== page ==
Denise, on your 40th



I wasn’t supposed to see my 40th birthday. I wasn’t supposed to see my twenty-fifth. “She has a malignant neoplasm,” that’s what the pinch-faced doctor looked right over my twelve-year-old head and told my mother. Her hand tightened on mine, like she thought someone might try to take me away right then. It didn’t get any better when he went on to clarify that it was acute myelogenous leukemia. I think she stopped breathing. It sounded to me like some sort of magic spell and I thought, “I’ve been cursed, obviously.”

Oh, and Pops was SO angry. Not at me, just in general. It was fear. I see that now. But he didn’t know how to be scared. So, he took it out on the nurses (who were wonderful) and doctors (who never learned to talk to me, the patient) but did their job all the same. They learned to tiptoe around him and we learned to send him on errands if we thought my cell-count update might not be a good one.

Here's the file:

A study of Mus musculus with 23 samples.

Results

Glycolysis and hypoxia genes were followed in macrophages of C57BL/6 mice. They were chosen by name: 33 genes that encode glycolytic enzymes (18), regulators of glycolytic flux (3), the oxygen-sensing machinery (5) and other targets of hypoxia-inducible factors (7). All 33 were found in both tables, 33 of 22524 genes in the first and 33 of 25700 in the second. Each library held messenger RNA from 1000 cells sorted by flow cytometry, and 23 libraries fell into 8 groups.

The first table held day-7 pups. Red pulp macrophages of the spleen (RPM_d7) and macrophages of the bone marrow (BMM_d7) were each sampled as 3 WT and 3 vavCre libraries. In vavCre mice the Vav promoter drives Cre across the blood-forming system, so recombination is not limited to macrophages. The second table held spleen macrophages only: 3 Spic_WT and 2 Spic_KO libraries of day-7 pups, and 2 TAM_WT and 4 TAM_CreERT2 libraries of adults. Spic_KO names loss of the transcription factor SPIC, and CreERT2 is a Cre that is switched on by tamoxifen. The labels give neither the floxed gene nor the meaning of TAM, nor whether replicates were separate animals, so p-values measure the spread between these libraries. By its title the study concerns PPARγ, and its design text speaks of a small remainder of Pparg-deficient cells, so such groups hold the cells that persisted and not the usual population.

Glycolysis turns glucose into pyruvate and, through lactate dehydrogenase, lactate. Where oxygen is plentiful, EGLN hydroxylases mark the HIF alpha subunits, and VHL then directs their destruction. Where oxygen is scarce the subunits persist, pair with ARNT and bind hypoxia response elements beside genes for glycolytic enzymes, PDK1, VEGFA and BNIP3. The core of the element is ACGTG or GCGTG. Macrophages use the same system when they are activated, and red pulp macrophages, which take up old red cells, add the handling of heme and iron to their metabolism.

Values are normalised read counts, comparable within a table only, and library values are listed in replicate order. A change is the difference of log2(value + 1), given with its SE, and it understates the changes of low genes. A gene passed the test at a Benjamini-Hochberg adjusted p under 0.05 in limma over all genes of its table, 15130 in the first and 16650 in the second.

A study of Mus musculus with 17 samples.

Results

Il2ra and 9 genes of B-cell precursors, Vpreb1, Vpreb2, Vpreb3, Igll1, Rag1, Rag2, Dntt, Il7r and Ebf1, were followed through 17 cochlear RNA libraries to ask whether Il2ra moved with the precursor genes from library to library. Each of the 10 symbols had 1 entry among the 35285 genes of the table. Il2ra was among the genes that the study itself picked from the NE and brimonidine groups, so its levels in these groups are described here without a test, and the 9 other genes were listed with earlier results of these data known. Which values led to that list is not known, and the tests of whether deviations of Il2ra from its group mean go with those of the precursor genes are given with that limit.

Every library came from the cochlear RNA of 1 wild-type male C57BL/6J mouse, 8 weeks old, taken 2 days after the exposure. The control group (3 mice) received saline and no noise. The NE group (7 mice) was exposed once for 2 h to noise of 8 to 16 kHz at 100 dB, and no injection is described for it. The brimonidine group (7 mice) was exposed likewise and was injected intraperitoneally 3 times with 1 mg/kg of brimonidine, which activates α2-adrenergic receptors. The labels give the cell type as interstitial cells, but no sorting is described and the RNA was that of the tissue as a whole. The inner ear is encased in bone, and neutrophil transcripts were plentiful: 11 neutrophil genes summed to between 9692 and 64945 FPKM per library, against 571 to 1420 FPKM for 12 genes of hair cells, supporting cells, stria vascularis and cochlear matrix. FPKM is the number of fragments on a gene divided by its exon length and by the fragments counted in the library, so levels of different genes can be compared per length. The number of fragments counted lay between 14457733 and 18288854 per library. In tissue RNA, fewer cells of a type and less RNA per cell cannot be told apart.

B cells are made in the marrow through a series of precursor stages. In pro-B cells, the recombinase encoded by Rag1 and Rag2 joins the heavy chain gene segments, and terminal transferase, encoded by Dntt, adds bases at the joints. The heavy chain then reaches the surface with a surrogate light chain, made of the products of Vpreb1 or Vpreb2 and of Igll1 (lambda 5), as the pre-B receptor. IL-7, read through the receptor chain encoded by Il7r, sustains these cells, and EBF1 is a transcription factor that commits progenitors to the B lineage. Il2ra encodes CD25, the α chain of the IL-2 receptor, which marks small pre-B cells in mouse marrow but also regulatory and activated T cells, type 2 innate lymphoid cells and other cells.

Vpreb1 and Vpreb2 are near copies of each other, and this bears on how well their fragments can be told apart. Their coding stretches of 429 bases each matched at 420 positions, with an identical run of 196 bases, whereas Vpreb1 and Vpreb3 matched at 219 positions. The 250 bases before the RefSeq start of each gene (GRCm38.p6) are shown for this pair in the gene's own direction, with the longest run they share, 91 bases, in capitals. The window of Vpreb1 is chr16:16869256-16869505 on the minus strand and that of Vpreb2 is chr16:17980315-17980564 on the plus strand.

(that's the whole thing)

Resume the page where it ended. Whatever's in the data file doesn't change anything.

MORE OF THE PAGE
He was there to see me ring the bell at the end of treatment, and when I got my letter of remission, and to walk me down the isle, years later, which he confessed was a dream he thought he’d be denied. But he’s gone now. Heart attack got him, no bit of evil magic.

I thought Mom would follow, honestly. They’d been such a pair my whole life, alternatively bickering and preening for one another. I couldn’t imagine one without the other. But much like she had when she thought she’d loose her little girl, she bucked up, bought a condo in the Houston area that we affectionately call ‘The Bristol’ and got on with living. She always was the stronger of the two.

I try to remember that. My babies are teenagers now and my special peacock understands how to afraid, he won’t need to yell at anyone. But how do I tell them it’s back? I’ve not been to the doctors, but I’d know this particular magic in my bones anywhere and I’ve a world of work to do.